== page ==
Hezbollah and the Building of a New Lebanese State

Sayyed Hassan Nasrallah
Credit: Khamenei.ir

Sectarian differences between the pro-Iranian Hezbollah movement and the nationalist Lebanese Forces are looming in Lebanon.

Just over a year ago, on Aug. 04, 2020, in the midst of a deep political, economic and social crisis, one of the largest non-nuclear explosions in history destroyed part of Beirut. A massive quantity of over two thousand seven hundred tonnes of the highly explosive ammonium nitrate, irresponsibly stored in the port of the Lebanese capital for years.

To all this must be added an unprecedented economic crisis, with a 90% devaluation of the currency, presaging an uncertain future for the Arab country. The economic crisis is aggravated by political differences within the Lebanese government itself, which has changed hands several times in recent months. The international community is making the delivery of aid conditional on economic reforms, but the lack of internal agreement is preventing it from arriving, which means that the crisis is worsening by the minute and popular unrest is increasing.

The latest violence erupted a few days ago when members of Lebanese Shiite groups, Amal and above all the Iranian-backed Hezbollah, demanded the resignation of Judge Tarek Bitar, a particularly popular figure in the country and the man in charge of the investigation into the explosion a year ago, which killed more than 200 people, injured 6,500 and devastated the city. Judge Bitar has begun to summon and link some political and administrative officials to the case, which has caused some unease within the government.

Hezbollah and its influence in Lebanon

Hezbollah emerged in the early 1980s during Israel’s occupation of Lebanon, although some previous events were decisive, notably the return of Shia students and clerics who returned to Lebanon from Iraq in the 1970s, the Lebanese civil war of 1975, the disappearance of Musa Sadr in Libya in 1978, and the Iranian revolution of 1979.

Through significant historical support from Iran and Syria, Hizbollah has managed to have a large security apparatus, act as a political organisation, and build a network of social services in Lebanon, where the group is often described as a “state within a state”. Hezbollah sees itself as a resistance group against Israel’s actions and Western intervention in the Middle East. For its part, both the US government and EU countries consider it a terrorist group and a threat to regional stability.

In 2000 Hezbollah succeeded in getting Israel to leave Lebanon. In 2005, after the end of Syria’s presence in Lebanon, major protests took place over the assassination of Prime Minister Rafiq Hariri, a Sunni, for which 5 members of Hezbollah are currently on trial in absentia.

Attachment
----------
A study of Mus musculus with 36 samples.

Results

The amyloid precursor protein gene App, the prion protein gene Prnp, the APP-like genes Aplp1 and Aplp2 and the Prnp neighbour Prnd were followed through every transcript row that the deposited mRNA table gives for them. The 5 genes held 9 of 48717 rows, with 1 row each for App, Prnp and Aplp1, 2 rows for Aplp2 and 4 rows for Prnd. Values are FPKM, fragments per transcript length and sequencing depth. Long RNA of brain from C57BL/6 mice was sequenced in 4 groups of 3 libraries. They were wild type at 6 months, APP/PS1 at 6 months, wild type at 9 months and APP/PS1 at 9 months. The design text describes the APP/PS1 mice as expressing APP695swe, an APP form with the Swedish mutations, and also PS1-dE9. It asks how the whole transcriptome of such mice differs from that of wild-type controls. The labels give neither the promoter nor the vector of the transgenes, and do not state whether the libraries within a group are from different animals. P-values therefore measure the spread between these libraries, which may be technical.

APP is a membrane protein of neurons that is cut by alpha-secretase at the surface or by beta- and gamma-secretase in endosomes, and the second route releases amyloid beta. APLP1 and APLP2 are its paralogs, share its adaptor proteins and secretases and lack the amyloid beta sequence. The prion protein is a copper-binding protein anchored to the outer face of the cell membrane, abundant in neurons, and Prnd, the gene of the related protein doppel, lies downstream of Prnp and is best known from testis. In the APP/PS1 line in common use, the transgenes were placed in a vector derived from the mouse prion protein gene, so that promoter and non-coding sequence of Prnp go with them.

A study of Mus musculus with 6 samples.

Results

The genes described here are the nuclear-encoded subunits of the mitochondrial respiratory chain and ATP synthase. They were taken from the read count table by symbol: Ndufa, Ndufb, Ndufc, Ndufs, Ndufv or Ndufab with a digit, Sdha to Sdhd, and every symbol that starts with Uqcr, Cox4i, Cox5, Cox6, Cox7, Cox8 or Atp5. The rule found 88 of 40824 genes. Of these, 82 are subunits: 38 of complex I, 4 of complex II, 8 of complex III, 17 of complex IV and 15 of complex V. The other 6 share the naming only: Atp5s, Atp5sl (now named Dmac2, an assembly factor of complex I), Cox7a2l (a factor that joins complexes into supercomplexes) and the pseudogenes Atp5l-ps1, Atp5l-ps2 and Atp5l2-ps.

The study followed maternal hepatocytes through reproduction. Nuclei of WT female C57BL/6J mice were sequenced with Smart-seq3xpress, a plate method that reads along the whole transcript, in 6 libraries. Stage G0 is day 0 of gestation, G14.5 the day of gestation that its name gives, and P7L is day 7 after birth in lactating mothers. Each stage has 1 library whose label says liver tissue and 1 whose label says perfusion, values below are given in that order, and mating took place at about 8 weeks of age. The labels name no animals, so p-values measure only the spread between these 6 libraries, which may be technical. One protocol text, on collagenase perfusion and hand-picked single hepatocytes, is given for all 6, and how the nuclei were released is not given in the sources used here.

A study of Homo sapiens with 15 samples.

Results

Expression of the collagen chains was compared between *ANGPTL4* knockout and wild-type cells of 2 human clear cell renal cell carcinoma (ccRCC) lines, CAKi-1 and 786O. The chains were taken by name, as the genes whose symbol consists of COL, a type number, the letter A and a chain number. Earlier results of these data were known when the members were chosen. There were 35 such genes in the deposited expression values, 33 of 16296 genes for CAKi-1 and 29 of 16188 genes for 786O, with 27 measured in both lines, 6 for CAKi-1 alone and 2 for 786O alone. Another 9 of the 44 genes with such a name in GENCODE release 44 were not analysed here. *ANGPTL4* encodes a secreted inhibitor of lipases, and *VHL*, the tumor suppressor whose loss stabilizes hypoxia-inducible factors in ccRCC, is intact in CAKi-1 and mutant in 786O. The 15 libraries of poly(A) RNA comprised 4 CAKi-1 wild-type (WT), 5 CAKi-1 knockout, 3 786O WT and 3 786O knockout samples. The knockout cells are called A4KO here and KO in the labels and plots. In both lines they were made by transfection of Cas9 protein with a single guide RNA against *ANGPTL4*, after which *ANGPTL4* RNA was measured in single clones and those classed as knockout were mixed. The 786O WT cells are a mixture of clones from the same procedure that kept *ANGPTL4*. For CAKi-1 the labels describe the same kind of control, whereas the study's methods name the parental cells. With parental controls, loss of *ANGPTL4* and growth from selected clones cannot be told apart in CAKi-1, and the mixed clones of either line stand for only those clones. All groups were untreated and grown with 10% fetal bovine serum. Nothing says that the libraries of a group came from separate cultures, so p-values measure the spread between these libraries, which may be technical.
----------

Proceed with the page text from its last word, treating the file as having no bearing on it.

Hezbollah also emerged strengthened from its 2006 confrontation with Israel, which lasted 34 days. Periodic clashes between Hezbollah militants and Israel led to a month-long war with Israel during the summer of 2006, during which Hezbollah launched thousands of rockets into Israeli territory. In addition, the use of sophisticated anti-ship and anti-tank weaponry, suspected to have been supplied by Iran, surprised the Israelis. A UN-mediated ceasefire was formalised in August of the same year. Since then, it has been a key player in Lebanese politics and the key to stability in the Levant country.

Hezbollah and the Beirut blast investigation

On Oct. 14, a demonstration was called by Shiite parties Hezbollah and Amal, two political groups with great influence in the country and which seek to avoid being tainted by the investigation. However, unknown gunmen and snipers opened fire on the protest, starting exchanges of fire that recalled bloody chapters of the past and alarmed a civilian population fleeing in desperation, fearing the worst. Six people, including members of Hezbollah, were killed. The wounds of a civil war (1975-1990) are still fresh and seem to have held back a new outbreak of war in the country.

Hezbollah is now demanding an investigation into the shooting, which it says should conclude that those responsible for opening fire belonged to the so-called Lebanese Forces, a nationalist party supported only by part of the local Maronite Catholics, led by Samir Geagea. The party, however, rejects the accusations.

However, in a televised message, the leader of Hezbollah, Sheikh Hassan Nasrallah, not only demanded an investigation into the shooting, but again called for the judge verifying the mega-explosion to be dismissed. He claimed that he was not the enemy of Christians, and furthermore that the main threat to the Christian presence in Lebanon is the Lebanese Forces party of Samir Geagea.

The views and opinions expressed in this article are those of the author.